In One Person A Novel By John Irving Simon & Schuster. 448 pp. $28.
Reviewed by Glenn C. Altschuler
Billy Dean lives in First Sister, Vt., a Lake Wobegon for the "clinically abnormal."
At age 13, Billy, the main character of In One Person, John Irving's 14th novel, is "gripped with insufficient comprehension, not to mention the daily terror of being misunderstood." He wants to learn more about young men and women who have crushes "on the wrong people."
His grandfather, Harry Marshall, the owner of First Sister Sawmill and Lumberyard, is a female impersonator, who plays the leading women's roles in the town's amateur theatrical productions. Miss Frost, First Sister's librarian, introduces William ("She was austerely formal — the first person to unfailingly address me as William.") to a lot more than James Baldwin's novel Giovanni's Room. And Nils Borkman, Harry's partner (and the town's dramaturge), gets a little too much pleasure from beating up the lumberjacks who work for him.
In One Person revisits many of Irving's signature subjects: absent fathers, Vienna, wrestling, and writing. And, more than ever before, he forces us to confront sexual taboos in the United States, and their impact on the formation of sexual identity.
In One Person can be preachy and prolix. The plot, such as it is, is pretty predictable. And, at times, readers may conclude, with Herm Hoyt, the 91-year-old wrestling coach at Favorite River Academy, that they do not want or need so many details about sexual encounters or the etiology of AIDS.
Nonetheless, Irving's ability to humanize his unconventional characters is nowhere put to better use than in this novel. In an unforgettable scene, Miss Frost, who knows that one day bisexual William will be confronted by bullies, teaches him the "duck-under," a wrestling technique by which a heavier opponent can be thrown to the ground. In the 1980s, the dawn of the AIDS crisis, Billy is about to apply for a lifetime membership at the New York Athletic Club when he gets a nosebleed while wrestling, sending his opponent scrambling for the showers and his doctor's office. "I can't belong to a club with such an uptight dress code," William tells his sponsor. He leaves by the back door, depositing in a dumpster the green plastic bag containing the contents of his locker.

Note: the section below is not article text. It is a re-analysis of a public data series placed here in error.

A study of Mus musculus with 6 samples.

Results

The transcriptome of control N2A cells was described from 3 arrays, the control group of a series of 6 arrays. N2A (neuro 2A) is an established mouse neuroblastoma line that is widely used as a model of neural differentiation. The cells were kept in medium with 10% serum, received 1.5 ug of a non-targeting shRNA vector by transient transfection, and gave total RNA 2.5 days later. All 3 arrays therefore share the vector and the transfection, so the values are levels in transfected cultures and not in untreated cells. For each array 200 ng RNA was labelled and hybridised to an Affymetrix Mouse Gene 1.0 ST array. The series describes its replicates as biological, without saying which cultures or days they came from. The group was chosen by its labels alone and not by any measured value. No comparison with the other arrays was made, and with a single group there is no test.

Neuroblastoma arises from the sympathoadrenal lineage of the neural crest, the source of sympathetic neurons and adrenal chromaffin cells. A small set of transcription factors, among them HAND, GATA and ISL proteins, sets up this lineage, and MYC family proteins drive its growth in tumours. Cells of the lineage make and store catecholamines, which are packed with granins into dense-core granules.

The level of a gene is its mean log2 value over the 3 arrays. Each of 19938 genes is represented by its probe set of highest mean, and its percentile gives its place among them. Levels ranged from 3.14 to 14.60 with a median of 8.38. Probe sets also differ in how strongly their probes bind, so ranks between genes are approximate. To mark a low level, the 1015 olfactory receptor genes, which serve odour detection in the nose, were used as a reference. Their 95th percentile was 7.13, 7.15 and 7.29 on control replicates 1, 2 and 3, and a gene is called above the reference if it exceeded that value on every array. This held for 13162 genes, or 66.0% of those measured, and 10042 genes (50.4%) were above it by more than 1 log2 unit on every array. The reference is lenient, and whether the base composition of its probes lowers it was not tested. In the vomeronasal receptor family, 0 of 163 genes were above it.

William learns, the hard way, that "there's a lot of politics involved in being sexually mutable." While "straight" sexual activity is tolerated, with a wink, a nod, or a slap on the wrist, at Favorite River Academy, a transsexual is banished from First Sister, even though he/she had actually shielded young Dean "from the full array of sexual possibilities." And try as he might throughout his life, William cannot counter the conclusion of straight women and gay men that a bisexual is inherently unreliable.
At the same time, Irving's Billy Dean refuses to be a victim and isn't a saint. Although he thinks of himself as a pillar of tolerance, he is not all that forgiving. All too often, Irving implies, he uses his rejection of monogamy as a "dinosaur idea" to minimize, or eliminate, making a commitment to his lovers. He was not ashamed of his sex life, Billy confesses: "I was ashamed of myself for not wanting to be there for the people who were dying."
In the end, William Dean can, and does, come home again, to First Sister and to Favorite River Academy, to teach and direct plays as well as to write. And to bring new meaning to a demand, all too often dismissed as a cliche, that Miss Frost had made to him decades earlier. "My dear boy," she had said, "please don't put a label on me — don't put a category on me until you get to know me!"
Glenn C. Altschuler is the Thomas and Dorothy Litwin Professor of American Studies at Cornell University.